Despite challenges, the Chicago’s Womxn’s Suffrage Tribute Committee installs the largest tribute to suffragists in the city of Chicago.
Women fought for several decades in order to gain legal access to the vote in the United States. With the passage of the 19th Amendment in 1920, women who did not face additional barriers could take advantage of that right. More than a century later in 2023, women not only vote, but they also run for office and win. The percentage of women in politics, and many other professions, has grown significantly in the past few decades. However, when one looks at public artwork, women are almost nonexistent.
There is significant disparity between women being depicted as fictional or mythical characters, goddesses, mermaids, or extremely abstract figures compared to those of real women. With less than seven percent of monuments depicting real women, the public artwork landscape in the United States does not reflect the truth about who contributed to the building and progress of the country.
Inspired by the centennial of the 19th Amendment, the Chicago Womxn’s Suffrage Tribute Committee (CWSTC) formed in 2020 in order to create public artwork to honor those who fought to legalize the vote for women. Too many are unaware that generations of women experienced horrible abuse during their fight for the legal right to vote. During the multi-decade movement, women were jailed, force fed, brutalized, and marginalized during their fight. They were assaulted and socially ostracized in attempts to silence them. The women from multiple generations and racial backgrounds who led the movement need to be more well-known and celebrated.
What originally started out as a one-mural project featuring suffrage leaders grew into three murals, all within one block of each other in the South Loop of Chicago.
The six committee members were thrilled to collaborate with Wabash Arts Corridor in order to celebrate local suffrage leaders and connect their work and sacrifices to the current victories for women. They conducted research, raised funds, created requests for proposals, commissioned artists, and finally secured a wall.
Diosa (Jasmina Cazacu) created On the Wings of Change that featured ten portraits: seven white women—Jane Addams, Myra Bradwell, Mary Livermore, Catherine Waugh McColloch, Agnes Nestor, Grace Wilbur Trout, and Frances Willard—and three Black women: Mary Fitzbutler Waring, Ida B. Wells, and Fannie Barrier Williams. Dorian Sylvain created a text-based design titled Speak Up! with the words “I’m Speaking” which Vice President Kamala Harris repeatedly stated during the 2020 vice presidential debate. The phrase encapsulated the long-standing challenge women faced to speak without being interrupted.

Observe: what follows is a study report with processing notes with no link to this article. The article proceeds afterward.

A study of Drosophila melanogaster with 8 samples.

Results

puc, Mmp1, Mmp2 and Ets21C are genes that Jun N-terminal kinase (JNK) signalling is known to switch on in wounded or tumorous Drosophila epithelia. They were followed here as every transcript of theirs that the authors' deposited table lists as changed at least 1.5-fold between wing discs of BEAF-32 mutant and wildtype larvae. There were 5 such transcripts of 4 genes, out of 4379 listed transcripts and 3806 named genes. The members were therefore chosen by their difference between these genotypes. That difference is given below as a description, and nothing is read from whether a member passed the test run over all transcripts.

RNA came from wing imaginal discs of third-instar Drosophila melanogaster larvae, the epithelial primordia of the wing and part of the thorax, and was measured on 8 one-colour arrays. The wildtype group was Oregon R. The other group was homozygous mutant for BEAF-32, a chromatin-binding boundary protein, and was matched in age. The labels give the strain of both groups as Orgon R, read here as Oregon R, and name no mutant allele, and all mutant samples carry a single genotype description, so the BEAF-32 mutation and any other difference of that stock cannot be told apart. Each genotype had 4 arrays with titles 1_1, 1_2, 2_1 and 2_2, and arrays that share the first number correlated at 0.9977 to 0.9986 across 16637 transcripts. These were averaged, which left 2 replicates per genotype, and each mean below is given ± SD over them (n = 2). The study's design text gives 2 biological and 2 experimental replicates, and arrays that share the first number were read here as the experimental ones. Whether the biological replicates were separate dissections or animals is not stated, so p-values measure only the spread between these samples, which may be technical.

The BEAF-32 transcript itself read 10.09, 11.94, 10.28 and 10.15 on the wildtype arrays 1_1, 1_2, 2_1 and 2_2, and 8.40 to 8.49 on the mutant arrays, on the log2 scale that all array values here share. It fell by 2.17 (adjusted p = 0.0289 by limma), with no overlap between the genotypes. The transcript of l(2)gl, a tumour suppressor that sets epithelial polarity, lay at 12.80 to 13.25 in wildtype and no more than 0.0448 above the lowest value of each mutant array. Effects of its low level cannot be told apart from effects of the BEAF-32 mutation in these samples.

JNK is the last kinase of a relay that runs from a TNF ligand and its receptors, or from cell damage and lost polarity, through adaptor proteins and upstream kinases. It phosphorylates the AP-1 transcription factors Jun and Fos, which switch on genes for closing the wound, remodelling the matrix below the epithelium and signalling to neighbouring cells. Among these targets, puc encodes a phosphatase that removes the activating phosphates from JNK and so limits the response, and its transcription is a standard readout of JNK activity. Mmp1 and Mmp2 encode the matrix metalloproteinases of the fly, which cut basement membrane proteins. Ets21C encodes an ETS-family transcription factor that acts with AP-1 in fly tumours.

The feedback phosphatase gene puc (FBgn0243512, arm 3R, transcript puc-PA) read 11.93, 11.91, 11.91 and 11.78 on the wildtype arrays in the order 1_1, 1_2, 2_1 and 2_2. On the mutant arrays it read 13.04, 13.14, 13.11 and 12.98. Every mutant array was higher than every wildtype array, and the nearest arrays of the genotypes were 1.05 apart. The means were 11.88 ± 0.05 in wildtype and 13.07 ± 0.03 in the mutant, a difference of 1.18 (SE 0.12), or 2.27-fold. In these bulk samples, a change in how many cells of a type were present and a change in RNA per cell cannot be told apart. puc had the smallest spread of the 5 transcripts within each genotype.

In 2021, On the Wings of Change was installed at 33 E. Ida B. Wells Drive. Speak Up! was blocked by a man who owned the parking lot adjacent to the wall. Despite the political, social and economic progress women have made over the past century, the implication was that a woman asserting her right to be heard was controversial and could make some uncomfortable. The committee members refused to change the language or let the project die. In a political climate of book bans targeting racial and gender minorities, academic censoring, rollbacks in reproductive freedom and diminishment of transgender rights, the committee members were determined to not be silenced and defeated. They wrote articles, op-ed pieces, emails and created social media posts along with other forms of communication to gain support for the project.
When it became apparent that it could take years to gain access to their original site, they pivoted their strategy to secure an alternate location. After nearly two years of approaching politicians, organizations, businesses and institutions, they secured a different wall in a nearby and friendly environment at 623 S. Wabash. Sylvain adjusted her design of Speak Up! to fit the smaller space, which left room for another piece. In order to give further nod to the suffrage movement, the committee commissioned AB Productions to create the Votes for Women mural which featured a yellow rose, a symbol used during the suffrage movement. Both murals were installed in July and dedicated on September 28, 2023.
What originally started out as a one-mural project featuring suffrage leaders grew into three murals, all within one block of each other in the South Loop of Chicago. This creates a powerful walking experience to reflect on and celebrate women’s activism. Further, these murals emphasize the fight for women’s inclusion in the country’s democracy and offer an opportunity for people to learn about and be inspired by suffrage leaders.
As the largest tribute to suffragists in the city of Chicago, the three murals add to the public art landscape of real women being depicted. There is still a long way to go, but one piece at a time, equal representation and gender equity will someday be achieved.
Michelle Duster is a member of CWSTC.